As you most likely know by now, a coalition of various arts education organizations formed to review and propose new national standards.
The National Coalition for Core Arts Standards began organizing in 2009 to formulate standards to revise and serve as a “re-imaging” for the 1994 Arts Standards (NCCAS Conceptual Framework. )
Drafts for each arts standards was up for review last summer and apparently met with some strong opposition, based on what I had seen on music education Facebook groups. New draft previews were just launched on February 14, with comments closed on March 1.
My thoughts? Well, my friend Tim Purdum highlighted my concerns very well (and probably more eloquently than I can!). This is a good read, but I will go ahead and voice my concerns as well (a little more colloquially, to be sure, but it’s from the heart, as I listen to the Lenscrafters commercial, where the background music is “Street Song” from Music for Children Volume 3, Murray edition!):
- As most of you know, I am working on my PhD. Now, readings for PhD sometimes take 2-3 rounds before the concepts sink in. Unfortunately, I had to apply this same process to these standards drafts. I’m an experienced teacher of 20 years, many hours of PD trainings, and becoming extremely experienced in the art of research. If these standards confuse ME, what would they do to a new teacher? What teacher, even an experienced one, is going to have this kind of time deciphering these between incorporating Common Core into music, working on programs, turning in lesson plans, doing grades, being a counselor, working on after school groups, and being a regular member of his/her family?
- Where are the regular objectives? Why is it so difficult to decipher what were the original 9 music standards, so simply stated and so eloquently to the point. Would not composition and improvisation satisfy the higher order thinking and thought processes?
- If a committee of teachers meet state-wide to draft new state standards, where is the independence for each state? It’s not supposed to happen. Which leads me to the next bullet…
- Not all music programs are created equal. Some teachers are lucky (like me when I am in my regular teaching position) and can see students 30 minutes every other day. Some teachers are lucky if they see their kids 30 minutes once a week. With holidays and snow days, many teachers don’t see their kids at all. Some teachers see combined classes. Some music classes are taught by non-specialists. As desirable as it would be to have arts programs more equitable, it still isn’t there. While we are still fighting for music programs all over the country, adding these standards and hoping they will be adopted will make a frustrating situation even more frustrating. Leading to yet another bullet point:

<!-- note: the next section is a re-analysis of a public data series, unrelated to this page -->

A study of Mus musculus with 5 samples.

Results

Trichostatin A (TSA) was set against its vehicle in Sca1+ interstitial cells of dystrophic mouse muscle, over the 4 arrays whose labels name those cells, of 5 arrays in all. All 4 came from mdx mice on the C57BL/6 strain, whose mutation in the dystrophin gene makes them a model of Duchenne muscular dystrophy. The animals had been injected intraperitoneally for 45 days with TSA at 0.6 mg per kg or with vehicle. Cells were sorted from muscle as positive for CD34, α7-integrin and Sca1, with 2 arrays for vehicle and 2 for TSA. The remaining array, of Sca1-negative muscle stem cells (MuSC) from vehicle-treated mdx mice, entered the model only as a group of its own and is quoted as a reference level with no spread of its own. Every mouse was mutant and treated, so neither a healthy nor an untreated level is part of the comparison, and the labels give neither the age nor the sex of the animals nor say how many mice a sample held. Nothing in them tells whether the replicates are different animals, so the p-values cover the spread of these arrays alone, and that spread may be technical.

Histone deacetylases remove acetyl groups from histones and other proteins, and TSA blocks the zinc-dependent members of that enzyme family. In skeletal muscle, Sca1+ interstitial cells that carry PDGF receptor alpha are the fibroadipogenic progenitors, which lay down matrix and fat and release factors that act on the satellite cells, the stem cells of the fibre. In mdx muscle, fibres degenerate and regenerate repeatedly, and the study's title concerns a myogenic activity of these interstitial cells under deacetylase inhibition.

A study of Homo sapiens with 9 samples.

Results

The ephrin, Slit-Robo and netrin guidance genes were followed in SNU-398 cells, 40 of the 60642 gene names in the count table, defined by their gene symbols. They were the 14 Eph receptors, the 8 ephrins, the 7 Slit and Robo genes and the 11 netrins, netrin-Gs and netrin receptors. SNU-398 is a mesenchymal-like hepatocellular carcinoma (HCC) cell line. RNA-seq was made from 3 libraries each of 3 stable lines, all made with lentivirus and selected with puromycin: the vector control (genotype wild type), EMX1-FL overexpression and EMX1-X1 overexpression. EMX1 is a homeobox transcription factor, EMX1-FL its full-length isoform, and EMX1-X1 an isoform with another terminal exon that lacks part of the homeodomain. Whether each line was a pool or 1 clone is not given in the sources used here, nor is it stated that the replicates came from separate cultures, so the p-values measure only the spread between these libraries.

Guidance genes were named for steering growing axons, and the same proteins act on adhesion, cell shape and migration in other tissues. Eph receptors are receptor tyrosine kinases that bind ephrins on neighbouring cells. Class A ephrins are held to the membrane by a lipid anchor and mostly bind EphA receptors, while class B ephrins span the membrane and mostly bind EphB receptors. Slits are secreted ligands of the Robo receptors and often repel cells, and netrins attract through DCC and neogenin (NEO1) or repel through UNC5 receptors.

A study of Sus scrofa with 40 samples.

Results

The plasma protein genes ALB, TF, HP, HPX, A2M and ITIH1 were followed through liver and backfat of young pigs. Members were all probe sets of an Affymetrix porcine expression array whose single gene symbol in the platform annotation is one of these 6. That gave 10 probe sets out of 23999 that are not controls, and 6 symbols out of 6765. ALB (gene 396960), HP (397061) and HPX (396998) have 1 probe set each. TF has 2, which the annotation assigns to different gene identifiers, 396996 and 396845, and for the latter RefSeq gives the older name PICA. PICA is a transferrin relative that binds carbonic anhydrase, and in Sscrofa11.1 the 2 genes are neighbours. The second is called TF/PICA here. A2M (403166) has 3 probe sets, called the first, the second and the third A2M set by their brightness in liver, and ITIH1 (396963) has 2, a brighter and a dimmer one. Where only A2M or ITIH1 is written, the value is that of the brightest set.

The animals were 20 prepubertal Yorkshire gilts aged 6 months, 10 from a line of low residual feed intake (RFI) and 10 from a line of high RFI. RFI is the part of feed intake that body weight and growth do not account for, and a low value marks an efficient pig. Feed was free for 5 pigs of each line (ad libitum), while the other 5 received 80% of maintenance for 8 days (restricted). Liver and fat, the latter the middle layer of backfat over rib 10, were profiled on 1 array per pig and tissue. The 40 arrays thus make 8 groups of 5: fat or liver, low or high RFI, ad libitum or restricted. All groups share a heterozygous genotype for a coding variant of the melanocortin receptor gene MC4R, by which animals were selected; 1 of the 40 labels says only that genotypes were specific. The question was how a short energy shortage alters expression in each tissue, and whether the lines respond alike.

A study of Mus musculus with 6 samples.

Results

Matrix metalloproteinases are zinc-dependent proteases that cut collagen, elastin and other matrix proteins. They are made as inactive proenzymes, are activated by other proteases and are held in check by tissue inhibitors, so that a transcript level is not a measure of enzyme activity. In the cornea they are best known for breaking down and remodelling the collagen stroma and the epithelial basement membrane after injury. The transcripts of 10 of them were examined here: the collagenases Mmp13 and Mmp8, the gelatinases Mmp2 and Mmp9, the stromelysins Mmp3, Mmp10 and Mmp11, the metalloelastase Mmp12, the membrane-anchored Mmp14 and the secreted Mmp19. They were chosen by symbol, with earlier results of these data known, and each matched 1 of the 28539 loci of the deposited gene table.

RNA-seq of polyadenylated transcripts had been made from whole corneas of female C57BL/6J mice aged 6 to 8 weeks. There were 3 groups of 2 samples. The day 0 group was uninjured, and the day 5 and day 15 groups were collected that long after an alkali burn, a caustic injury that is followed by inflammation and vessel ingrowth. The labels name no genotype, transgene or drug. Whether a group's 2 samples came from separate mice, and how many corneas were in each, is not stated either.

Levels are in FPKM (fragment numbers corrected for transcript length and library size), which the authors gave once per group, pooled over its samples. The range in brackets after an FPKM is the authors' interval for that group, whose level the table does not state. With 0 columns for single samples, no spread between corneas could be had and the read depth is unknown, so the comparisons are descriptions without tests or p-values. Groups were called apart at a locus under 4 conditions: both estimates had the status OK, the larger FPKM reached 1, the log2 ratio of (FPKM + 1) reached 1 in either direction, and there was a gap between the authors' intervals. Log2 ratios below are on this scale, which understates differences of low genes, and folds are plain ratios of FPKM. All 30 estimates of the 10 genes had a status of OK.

- I am concerned that the true purpose of these standards is to “prove” that we teach higher level thinking. I’m really tired of “proving” ourselves. I feel I have proven myself to my students, my parents, and most of my colleagues, who acknowledge the importance of and a love for the arts. I am also concerned about the potential for forced assessment. I do not wish to be mandated as to which higher level skill is assessed, and HOW I do it. This is taking the autonomy away from the teacher. Classroom teachers are facing this more and more, and now, in classes that are havens for students away from this hardcore drilling, the shadow looms again.
- Like the Common Core standards, are all of these standards age-appropriate based on child development and again, amount of time in music class (called experience, review, and recall time?)
- It is obvious from the title of my blog that I am not TOTALLY anti-higher order thinking and anti-Common Core, at what I consider the heart of the matter: cross-curricular at all levels to show how all learning disciplines are connected directly and indirectly AND teaching our students how to think for themselves. But when I have students ask me what time it is when the clock is right above them (and these are intermediate-aged students), it becomes apparent to me that students want answers given to them, which I believe is a side-product of too much teaching to the test. It is NOT the fault of the classroom teachers. It is NOT the fault of administrators, even. They are mandated these stipulations from those in government who have no idea what a child stage is like. I don’t want our coalition of arts educators to feel they need to join in lock-step in order to save jobs.
- I wish I had known about this coalition and volunteers. Somehow, I missed it. But, I feel these standards can meet the goals and desires of 21st Century Learning without being so vague, so difficult to read, and so esoteric.
But that’s my opinion. Check out the standards for yourself and see what you think. Remember, preview and opinions are due by March 1. Please feel free to comment your concerns or accolades if you agree with the standards here as well. We learn from each other. I am always open to seeing possibilities in a different light, and I believe, as educators, most of my readers might be as well if explained in a thoughtful manner.
On to positive topics: Brace yourself for a Teachers Pay Teachers sale! More later……
Newest product at the Musical Cure for the Common Cure Store:
Sneaky way to get in some of that math Common Core using a popular folk song.